The Next Canada: In Search of Our Future Nation

by Myrna Kostash

It’s a daunting task, making sense of an entire generation. Particularly one as polycultural and socially diverse as Canada’s current crop of 25-35-year-olds. So we look to writers to provide perspective and focus, to stamp a path through thickets of data toward clearings of coherence and wisdom. In The Next Canada, however, Myrna Kostash leaves us lost in the woods.

Over the past three years, Kostash – who came of age in the countercultural 1960s – has interviewed dozens of 20- and 30-somethings across the country, from a variety of fields, including politics, business, education, and the arts. The Next Canada addresses some worthy questions: what community means in an age of global consumerism and wired culture; how multiculturalism and the shadow of America affect the Canadian identity.

However, the presentation will discourage all but the most determined readers. Ostensibly organized along major themes, including economy, culture, and politics, the book lurches haphazardly from topic to topic, from person to person. There’s no sense of rhetorical purpose or progression – the author seems to have declared the manuscript a segue-free zone – and the overall effect is numbing.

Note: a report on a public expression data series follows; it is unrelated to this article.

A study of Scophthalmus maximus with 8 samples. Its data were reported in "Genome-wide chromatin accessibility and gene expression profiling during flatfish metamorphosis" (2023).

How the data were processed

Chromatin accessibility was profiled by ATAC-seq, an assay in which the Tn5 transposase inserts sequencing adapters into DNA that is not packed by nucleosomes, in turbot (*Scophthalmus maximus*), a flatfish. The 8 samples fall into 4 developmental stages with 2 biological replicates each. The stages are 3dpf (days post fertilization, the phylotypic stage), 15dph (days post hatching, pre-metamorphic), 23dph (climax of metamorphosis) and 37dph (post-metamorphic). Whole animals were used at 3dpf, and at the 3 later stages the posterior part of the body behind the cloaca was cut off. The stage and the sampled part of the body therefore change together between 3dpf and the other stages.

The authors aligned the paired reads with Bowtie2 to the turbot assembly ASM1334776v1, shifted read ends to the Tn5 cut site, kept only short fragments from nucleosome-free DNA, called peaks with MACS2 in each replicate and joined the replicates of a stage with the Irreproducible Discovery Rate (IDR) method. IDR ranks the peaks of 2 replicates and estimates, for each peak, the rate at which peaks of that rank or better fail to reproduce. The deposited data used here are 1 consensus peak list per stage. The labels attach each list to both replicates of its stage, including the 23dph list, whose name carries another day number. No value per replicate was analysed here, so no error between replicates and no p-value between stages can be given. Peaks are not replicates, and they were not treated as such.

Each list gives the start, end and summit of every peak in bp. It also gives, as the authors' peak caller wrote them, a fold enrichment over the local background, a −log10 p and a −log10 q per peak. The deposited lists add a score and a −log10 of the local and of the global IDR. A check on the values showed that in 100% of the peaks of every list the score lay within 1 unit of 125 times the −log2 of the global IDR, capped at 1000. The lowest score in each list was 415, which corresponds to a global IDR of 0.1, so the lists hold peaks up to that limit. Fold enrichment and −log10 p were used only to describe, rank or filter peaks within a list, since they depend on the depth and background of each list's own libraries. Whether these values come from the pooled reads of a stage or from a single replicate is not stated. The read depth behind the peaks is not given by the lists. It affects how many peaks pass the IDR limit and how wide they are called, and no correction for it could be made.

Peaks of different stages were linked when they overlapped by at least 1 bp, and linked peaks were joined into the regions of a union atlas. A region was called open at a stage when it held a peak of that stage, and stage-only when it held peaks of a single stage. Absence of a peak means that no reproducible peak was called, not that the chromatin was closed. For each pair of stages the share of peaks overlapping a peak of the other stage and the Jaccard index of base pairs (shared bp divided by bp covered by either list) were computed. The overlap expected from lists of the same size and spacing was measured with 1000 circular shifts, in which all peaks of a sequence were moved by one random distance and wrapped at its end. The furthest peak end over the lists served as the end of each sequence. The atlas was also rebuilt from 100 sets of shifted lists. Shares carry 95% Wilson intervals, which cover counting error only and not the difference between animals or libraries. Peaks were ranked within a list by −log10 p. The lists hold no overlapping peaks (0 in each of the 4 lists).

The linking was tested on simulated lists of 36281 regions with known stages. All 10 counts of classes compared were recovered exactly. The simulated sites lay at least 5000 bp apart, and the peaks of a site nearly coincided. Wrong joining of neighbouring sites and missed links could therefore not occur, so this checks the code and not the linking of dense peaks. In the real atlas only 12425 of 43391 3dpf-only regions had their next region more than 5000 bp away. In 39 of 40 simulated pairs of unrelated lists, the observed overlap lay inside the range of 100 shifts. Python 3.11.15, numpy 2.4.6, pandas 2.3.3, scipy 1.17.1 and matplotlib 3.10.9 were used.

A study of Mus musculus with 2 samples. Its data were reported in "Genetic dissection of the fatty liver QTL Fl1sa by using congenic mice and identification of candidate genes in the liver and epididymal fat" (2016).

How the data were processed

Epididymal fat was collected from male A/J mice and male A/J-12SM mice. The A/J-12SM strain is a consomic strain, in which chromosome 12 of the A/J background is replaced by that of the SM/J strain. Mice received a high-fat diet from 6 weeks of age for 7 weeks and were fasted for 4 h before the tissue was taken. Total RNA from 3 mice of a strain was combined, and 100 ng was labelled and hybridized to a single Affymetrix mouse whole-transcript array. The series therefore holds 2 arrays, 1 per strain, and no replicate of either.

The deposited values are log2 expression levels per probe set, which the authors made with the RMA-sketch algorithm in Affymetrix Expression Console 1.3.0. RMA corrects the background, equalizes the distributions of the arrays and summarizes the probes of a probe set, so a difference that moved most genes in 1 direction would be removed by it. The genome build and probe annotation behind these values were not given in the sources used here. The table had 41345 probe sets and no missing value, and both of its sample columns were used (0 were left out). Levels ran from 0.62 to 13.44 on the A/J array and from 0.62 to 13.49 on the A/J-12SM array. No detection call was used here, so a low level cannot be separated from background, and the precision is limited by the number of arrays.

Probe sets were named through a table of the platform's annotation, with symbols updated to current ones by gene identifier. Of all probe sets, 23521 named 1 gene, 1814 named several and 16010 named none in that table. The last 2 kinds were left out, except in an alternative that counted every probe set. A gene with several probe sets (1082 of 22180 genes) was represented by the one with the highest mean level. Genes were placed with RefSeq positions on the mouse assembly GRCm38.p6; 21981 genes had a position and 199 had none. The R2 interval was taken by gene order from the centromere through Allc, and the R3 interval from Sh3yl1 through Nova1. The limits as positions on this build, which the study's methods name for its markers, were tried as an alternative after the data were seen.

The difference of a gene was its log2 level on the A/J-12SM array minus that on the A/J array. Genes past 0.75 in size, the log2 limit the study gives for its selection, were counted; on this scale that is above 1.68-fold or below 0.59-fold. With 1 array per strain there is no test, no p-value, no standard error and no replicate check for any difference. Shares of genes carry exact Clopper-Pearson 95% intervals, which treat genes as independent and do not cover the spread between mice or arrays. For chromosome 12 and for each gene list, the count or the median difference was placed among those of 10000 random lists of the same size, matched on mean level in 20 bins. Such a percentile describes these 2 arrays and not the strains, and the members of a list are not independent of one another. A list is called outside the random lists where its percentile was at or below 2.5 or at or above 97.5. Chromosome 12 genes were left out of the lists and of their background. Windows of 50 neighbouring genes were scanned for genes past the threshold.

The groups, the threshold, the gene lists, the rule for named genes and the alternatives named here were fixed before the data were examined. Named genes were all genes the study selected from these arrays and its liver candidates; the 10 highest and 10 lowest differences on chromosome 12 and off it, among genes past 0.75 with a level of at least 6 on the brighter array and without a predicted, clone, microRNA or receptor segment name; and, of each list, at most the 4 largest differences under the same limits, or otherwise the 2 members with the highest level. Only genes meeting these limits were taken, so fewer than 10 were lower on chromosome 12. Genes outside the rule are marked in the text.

Kostash’s legwork is commendable, and the book does offer snapshots of many intriguing young Canadians. Editors of magazines like Eyetalian and Zdorov (the latter aimed at Ukrainian-Canadians) offer the perspective of overlapping cultures, while young social workers on the job – at shelters, food banks, and rehab centres – relate powerful stories. The book’s treatment of its subjects, however, rarely moves beyond the fleeting and superficial.

In the end, we learn more about what Myrna Kostash thinks than anything else. Too often she foregoes any discussion of
“the next Canada” in favour of long sermons on the evils of big business, or the importance of public health care. These arguments rely on passion over substance; even sympathetic readers are unlikely to find them compelling or convincing.